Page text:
The lowering of capacity market de-rating factors for shorter duration batteries is “sensible and somewhat overdue”, a storage developer has told Utility Week.

Quarry Battery Company said the changes will help create a “flourishing and diverse home-grown storage industry” that meets requirements for both long and short-term storage.

Capacity market participants bid and receive payments according to their de-rated capacity. Different types of generation have different de-rating factors to reflect their expected availability during stress events. Battery storage projects currently have a de-rating factor of around 96 per cent, regardless of their discharge duration.

The Department for Business, Energy and Industrial Strategy (BEIS) announced plans in July to lower the capacity market de-rating factors for most battery storage projects due to concerns they were being overpaid.

It feared shorter-duration batteries may not be able to meet their obligations during stress events, which National Grid estimates will typically last for up to fours and around two hours on average.

Earlier this month, BEIS confirmed the new de-rating factors for batteries for the next four-year-ahead (T-4) capacity auction in February. Projects will split into eight different classes depending on their discharge duration.

Batteries in the lowest class (30 minutes plus) will receive a de-rating factor of less than 18 per cent, while those with a discharge duration of over an hour will receive a de-rating factor of at least 36 per cent. Only batteries in the highest class (four and half hours plus) will keep their original 96 per cent de-rating factor.

Dave Holmes, managing director of Quarry Battery Company told Utility Week that despite being “labelled by some as a blow to the emergent UK energy storage sector”, the changes represent “a sensible and somewhat overdue measure”.

“It indicates the government is, albeit painfully slowly, working its way towards a market framework that will help ensure a flourishing and diverse home-grown storage industry that meets the UK’s need for both short and long duration storage,” he added.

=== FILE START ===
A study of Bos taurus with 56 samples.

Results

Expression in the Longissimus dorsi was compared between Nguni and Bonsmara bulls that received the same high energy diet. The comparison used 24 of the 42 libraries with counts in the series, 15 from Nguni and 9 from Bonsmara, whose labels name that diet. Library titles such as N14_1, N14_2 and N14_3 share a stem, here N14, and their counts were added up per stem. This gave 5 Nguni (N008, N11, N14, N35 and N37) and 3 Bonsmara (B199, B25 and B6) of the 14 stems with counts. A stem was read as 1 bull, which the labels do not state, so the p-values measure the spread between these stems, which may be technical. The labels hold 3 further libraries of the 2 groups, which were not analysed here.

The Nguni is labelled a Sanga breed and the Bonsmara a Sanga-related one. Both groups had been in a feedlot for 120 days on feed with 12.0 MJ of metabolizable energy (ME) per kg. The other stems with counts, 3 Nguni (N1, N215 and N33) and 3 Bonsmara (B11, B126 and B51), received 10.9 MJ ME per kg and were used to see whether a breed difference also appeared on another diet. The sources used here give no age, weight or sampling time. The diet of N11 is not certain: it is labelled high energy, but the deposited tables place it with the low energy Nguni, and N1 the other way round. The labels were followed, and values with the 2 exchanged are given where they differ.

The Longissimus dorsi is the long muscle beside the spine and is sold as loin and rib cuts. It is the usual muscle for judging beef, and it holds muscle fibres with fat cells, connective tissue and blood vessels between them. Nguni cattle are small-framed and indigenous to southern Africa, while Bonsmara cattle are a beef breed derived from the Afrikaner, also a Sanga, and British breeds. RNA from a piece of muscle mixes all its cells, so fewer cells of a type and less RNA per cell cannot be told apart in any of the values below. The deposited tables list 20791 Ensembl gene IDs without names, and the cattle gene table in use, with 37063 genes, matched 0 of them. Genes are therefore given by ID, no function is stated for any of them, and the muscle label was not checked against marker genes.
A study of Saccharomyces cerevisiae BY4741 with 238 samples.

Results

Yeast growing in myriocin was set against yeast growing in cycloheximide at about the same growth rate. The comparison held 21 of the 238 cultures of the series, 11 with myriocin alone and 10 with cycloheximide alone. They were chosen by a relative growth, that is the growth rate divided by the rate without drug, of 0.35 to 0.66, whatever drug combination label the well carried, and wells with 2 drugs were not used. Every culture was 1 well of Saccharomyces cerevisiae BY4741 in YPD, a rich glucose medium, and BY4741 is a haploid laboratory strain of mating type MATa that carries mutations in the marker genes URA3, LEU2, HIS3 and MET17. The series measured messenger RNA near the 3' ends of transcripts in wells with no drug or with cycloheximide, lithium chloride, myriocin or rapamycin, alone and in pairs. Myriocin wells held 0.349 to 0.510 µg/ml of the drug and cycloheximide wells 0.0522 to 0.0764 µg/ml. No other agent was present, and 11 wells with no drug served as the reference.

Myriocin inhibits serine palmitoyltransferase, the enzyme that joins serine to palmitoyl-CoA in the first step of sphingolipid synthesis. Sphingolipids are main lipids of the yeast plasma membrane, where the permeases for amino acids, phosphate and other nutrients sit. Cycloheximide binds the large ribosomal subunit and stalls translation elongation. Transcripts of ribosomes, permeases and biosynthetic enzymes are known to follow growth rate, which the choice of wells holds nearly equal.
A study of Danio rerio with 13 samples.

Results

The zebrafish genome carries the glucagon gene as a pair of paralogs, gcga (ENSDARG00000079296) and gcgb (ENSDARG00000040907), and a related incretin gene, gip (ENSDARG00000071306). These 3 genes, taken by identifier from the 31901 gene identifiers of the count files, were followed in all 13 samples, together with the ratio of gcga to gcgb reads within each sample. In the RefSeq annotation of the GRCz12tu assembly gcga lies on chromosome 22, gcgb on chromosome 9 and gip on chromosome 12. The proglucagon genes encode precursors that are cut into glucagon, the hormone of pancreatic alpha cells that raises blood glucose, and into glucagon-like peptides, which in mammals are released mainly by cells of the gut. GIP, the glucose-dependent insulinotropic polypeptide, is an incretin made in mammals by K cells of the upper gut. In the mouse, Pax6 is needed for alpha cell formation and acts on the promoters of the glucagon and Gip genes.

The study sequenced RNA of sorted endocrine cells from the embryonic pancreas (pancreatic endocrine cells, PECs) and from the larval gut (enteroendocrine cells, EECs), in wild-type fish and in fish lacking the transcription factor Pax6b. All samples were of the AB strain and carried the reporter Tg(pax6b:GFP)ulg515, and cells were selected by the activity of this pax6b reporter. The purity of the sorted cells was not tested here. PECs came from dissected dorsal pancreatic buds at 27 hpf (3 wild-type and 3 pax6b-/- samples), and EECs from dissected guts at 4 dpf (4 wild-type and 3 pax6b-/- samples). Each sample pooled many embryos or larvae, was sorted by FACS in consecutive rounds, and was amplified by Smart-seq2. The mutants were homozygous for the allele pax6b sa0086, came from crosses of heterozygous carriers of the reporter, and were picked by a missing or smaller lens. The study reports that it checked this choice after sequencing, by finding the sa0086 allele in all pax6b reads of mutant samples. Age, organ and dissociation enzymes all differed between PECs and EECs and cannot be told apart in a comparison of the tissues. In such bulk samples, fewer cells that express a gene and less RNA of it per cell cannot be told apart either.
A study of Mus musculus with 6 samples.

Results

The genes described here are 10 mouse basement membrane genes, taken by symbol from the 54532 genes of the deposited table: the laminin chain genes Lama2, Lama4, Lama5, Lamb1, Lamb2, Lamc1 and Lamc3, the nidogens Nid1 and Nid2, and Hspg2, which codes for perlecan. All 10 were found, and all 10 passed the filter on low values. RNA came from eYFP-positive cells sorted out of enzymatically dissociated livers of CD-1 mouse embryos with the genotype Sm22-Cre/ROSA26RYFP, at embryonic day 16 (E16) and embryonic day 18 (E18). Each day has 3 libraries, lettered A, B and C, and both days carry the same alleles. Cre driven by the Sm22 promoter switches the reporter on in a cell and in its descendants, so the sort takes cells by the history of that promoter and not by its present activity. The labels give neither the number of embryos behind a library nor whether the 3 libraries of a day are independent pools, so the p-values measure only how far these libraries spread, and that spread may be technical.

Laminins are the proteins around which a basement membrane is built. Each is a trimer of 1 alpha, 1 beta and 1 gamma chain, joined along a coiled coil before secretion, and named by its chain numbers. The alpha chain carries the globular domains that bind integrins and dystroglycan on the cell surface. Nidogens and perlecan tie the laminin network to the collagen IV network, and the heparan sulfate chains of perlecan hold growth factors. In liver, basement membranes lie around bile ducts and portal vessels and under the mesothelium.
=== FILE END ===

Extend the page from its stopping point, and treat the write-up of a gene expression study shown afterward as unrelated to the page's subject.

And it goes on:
Holmes said the power grid requires storage for four main purposes – frequency regulation, system balancing, load shifting, and strategic supply.

He said lithium-ion batteries have become the “poster child” for energy storage, despite only being able to adequately provide frequency response due to their cost per megawatt hour, discharge capability, limited cycle life and degradation over time.

“The capacity market exists to ensure we have the machinery needed to keep the lights on during a long lull in renewable output,” added Holmes. “It is right therefore that it should most reward those technologies able to provide appropriate service.”

Quarry Battery Company is planning to repurpose two disused quarries at different elevations to create a 700MWh pumped hydro storage scheme at Glyn Rhonwy in North Wales.

The firm secured national planning consent for the project in 2016 and is aiming to begin construction next year. It expects to bid into one of the T-4 auctions in either 2019 or 2020.

Holmes said pumped hydro storage is best suited to meeting the four grid requirements he described, claiming it “offers by far the cheapest storage per MWh” and with less environmental impact than lithium-ion batteries.

The new de-rating factors have also been welcomed by consultancy firm N-ERGY. The firm’s managing director, David Bowman, said they will “promote the development of better technology and higher quality batteries, when reliable discharging into the grid for longer durations is needed the most.”

However, Bowman was also critical of the way in which changes were made: “Two things concern us – the constant changing of regulations and the timings of these changes – as that can deter potential investors in the capacity market, especially when the changes take place in the middle of an auction.”

Roughly 4.6GW (de-rated) of new capacity has prequalified for the upcoming auction in February 2018, although these figures were released before the updated de-rating factors were published by BEIS.